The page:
By Kayla Tucker – A&E/Features Editor
Jewish Theatre of Grand Rapids will showcase a performance of “Death of a Salesman,” by Arthur Miller. Miller was a Jew himself and the themes of the play correlate with the general lives of Americans, as well as Jewish immigrants of the time period.
The tragedy, written in 1949, touches on common themes of family, the American Dream, and the illusions of success. Willy Loman, a father, husband, and traveling salesman, struggles to realize his job is coming to an end. He faces depression and a false idea of success, and his family, a wife and two grown children, feel the repercussions.
Linda Loman, his wife, can’t come to terms with Willy’s problems and passively excuses him and his errors. Meanwhile, Biff, the oldest son, is trying to make Willy proud, while at the same time trying to keep his father sane. The youngest son, Harold “Happy,” is almost invisible to the rest of the family, living in the shadows of his older brother. Still he remains attention-seeking but supportive and attempts to maintain positivity in the family, while Linda looks down on him for his lifestyle.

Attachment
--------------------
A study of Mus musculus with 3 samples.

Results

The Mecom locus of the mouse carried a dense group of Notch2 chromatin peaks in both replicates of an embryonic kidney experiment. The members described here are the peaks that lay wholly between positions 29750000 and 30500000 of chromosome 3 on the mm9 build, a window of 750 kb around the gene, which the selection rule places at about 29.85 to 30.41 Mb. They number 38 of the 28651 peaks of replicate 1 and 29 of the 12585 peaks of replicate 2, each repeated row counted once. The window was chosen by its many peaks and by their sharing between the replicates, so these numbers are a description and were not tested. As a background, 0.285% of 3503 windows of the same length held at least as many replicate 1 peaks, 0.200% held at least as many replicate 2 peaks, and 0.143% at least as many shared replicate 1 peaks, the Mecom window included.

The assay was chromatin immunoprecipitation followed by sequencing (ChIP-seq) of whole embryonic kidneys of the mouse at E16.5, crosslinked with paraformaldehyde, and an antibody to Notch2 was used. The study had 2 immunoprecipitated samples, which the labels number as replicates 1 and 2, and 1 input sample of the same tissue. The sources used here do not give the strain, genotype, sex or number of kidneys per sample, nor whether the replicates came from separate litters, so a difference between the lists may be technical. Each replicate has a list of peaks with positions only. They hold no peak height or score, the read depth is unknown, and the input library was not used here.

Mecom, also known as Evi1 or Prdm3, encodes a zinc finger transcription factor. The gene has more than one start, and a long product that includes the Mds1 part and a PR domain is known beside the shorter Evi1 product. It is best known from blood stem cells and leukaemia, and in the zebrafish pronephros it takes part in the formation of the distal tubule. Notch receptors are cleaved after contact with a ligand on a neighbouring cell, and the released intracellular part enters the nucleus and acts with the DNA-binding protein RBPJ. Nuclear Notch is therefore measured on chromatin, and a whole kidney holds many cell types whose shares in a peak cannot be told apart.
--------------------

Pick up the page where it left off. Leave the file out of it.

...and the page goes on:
Charley, the Loman’s witty next-door neighbor, is willing to be a helping hand for Willy when he’s down, which includes lending money to the family. Willy is jealous of Charley’s son, who he considers to be more successful than Biff or Happy, and often treats him poorly. Charley offers Willy a job many times, but Willy declines, because he is too proud to face reality.
“This is a big piece both thematically and with characters with big things to work through,” Director Jason Marlett said. “I think most are going to walk away really thinking about those themes of fitting in, dreams, and just kind of reveling in the good performances.”
For Pat Hendren, set to play Willy Loman, the show helps him relate to his own life.
“I learned that there’s a lot of Willy in me, a lot of his faults are things that I have been struggling with in my life,” Hendren said.
While many may label the play as depressing at first, Hendren said the audience should take away a lesson and apply it to their own lives.
“This show is intended to teach people, or at least to put something out there that you can look at and see a reflection of yourself in,” Hendren said.
Shows run April 16 through 26 at 8 p.m. on Thursdays and Sundays at 3 p.m. Tickets are $20 for general admission, $18 for seniors, and $5 for students.